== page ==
It is important to maintain a healthy and well-balanced lifestyle. Monitoring what may trigger a seizure is helpful for people with epilepsy. Lack of sleep or stress can affect seizure control. Eating regularly and maintaining a well-balanced and nutritious diet are also important. A poor and irregular diet may affect seizure medication levels. Excessive alcohol consumption and subsequent withdrawal and use of street drugs can trigger seizures.

Some women experience an increase in seizures around the time of menstruation. This is referred to as catamenial epilepsy. In those with photosensitive epilepsy, flashing or flickering lights may induce seizures. Be cautious around the use of computers, video games, television etc...

There are specific health-related issues associated with particular groups of individuals including seniors, children and women, that should be discussed with a physician.

Common Seizure Triggers

While some people are not able to identify specific events or circumstances that affect seizures, other are able to recognize definite seizure triggers. It is useful to learn your seizure triggers so that seizures can be avoided. Some common triggers include:

™ Forgetting to take prescribed seizure medication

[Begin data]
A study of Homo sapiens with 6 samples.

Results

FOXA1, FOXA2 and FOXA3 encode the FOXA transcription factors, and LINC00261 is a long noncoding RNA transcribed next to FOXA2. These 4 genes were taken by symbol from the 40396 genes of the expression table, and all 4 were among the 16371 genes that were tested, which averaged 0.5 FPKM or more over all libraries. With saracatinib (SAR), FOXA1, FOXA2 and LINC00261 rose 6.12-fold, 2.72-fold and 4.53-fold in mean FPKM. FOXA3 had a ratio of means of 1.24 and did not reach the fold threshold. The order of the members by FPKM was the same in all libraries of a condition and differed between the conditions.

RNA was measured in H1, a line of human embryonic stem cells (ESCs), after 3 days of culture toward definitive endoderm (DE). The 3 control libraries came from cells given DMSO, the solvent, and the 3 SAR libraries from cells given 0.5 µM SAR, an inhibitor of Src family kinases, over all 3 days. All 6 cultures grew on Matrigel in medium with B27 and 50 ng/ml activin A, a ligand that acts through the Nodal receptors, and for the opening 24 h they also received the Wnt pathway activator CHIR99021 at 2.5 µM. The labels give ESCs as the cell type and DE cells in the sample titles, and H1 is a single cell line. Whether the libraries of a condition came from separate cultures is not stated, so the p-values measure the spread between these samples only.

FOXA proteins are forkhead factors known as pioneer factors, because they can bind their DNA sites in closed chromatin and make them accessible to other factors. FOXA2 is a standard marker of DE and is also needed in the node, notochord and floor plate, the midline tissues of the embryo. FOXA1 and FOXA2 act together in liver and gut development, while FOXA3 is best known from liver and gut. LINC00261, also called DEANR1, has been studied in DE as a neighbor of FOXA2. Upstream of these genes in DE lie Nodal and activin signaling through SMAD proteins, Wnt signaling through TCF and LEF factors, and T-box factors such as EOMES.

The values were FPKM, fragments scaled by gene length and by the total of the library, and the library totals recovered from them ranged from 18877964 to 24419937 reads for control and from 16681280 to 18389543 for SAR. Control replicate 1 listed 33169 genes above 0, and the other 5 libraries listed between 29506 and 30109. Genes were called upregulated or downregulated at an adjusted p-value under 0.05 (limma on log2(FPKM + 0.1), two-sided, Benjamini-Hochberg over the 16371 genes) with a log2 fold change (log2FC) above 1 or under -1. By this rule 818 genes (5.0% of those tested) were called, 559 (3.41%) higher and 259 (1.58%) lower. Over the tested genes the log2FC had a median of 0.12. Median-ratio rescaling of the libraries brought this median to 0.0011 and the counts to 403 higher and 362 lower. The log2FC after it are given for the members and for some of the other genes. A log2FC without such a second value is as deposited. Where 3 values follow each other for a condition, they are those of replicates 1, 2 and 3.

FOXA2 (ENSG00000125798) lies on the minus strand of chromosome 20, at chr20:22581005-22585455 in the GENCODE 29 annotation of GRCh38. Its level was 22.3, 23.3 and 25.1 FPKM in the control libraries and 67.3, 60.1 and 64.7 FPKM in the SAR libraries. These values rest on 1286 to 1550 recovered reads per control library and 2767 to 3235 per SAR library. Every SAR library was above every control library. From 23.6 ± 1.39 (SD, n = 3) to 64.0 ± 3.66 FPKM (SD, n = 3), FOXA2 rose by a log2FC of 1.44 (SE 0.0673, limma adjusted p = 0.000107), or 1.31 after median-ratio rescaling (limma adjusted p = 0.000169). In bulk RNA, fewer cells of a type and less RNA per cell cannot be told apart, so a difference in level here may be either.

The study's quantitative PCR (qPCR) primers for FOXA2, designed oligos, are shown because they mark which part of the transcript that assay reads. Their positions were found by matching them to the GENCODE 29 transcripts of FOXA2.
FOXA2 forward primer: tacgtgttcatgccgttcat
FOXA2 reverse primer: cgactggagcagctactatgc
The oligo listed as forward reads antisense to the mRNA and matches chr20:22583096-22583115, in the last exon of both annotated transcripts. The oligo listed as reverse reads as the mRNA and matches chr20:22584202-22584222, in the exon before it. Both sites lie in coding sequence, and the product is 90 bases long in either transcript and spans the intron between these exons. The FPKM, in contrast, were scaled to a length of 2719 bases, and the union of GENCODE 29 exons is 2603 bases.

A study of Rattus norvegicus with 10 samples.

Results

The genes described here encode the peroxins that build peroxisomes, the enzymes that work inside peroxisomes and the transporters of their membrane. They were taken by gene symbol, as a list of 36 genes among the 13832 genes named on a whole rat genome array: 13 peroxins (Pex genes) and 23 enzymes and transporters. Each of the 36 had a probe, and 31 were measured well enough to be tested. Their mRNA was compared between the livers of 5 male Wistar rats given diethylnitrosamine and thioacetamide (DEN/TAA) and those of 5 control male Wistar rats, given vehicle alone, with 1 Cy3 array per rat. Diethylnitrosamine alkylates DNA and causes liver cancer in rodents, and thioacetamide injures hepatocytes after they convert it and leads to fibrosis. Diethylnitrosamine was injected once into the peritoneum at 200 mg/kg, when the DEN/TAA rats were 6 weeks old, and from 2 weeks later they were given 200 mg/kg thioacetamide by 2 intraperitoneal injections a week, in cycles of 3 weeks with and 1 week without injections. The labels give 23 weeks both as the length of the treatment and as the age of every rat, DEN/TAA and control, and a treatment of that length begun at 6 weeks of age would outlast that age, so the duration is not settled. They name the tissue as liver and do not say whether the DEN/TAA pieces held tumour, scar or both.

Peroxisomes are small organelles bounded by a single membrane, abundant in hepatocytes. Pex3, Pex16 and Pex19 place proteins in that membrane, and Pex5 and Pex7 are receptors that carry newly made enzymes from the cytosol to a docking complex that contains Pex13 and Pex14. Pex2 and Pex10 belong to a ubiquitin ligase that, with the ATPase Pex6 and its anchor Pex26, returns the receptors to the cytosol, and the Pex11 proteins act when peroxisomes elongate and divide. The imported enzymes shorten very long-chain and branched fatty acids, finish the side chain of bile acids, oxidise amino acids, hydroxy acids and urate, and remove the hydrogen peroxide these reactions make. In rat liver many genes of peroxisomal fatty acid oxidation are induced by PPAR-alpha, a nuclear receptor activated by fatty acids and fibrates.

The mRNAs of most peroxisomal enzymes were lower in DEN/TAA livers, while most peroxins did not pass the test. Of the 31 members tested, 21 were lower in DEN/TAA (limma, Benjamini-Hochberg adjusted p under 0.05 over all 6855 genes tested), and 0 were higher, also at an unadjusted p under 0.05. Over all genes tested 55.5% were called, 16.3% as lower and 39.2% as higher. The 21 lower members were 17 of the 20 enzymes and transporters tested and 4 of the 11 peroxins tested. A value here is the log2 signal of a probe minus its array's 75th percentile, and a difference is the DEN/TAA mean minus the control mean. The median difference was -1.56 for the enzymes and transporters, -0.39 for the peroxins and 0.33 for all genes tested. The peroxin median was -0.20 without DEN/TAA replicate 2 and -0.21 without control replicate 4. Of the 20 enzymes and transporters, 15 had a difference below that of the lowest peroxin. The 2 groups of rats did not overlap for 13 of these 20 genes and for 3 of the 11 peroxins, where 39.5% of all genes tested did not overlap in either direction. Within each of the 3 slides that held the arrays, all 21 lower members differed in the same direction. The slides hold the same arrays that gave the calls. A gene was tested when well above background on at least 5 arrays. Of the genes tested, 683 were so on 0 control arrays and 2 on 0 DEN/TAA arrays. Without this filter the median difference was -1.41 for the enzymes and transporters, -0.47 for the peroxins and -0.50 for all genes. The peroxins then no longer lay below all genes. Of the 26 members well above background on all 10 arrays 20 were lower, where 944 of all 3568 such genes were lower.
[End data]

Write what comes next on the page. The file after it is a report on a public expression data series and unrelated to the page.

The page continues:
™ Lack of sleep
™ Missing meals
™ Stress, excitement, emotional upset
™ Menstrual cycle/hormonal changes
™ Illness or fever
™ Low seizure medication levels
™ Medications other than prescribed anticonvulsant
™ Flickering lights of computers, televisions, video games etc...
™ Excessive alcohol consumption and subsequent withdrawal
™ Street Drugs (e.g. cocaine, amphetamines, ecstasy, LSD, withdrawal from marijuana)

Will drinking alcohol trigger seizures?

While excessive use of alcohol and subsequent withdrawal can trigger seizures, modest occasional alcohol consumption does not seem to increase seizure activity in individuals who are not alcoholics or who are not sensitive to alcohol. Alcohol use can, however, lower the metabolism which results in lower blood levels of the seizure medication that is also metabolized by the liver.

Drinking alcohol can also lower the seizure threshold. A seizure threshold is the level at which the brain will have a seizure. Some physicians recommend that individuals with uncontrolled seizures abstain from alcohol consumption. If you choose to consume alcohol, it is essential that you continue taking your seizure medication as prescribed.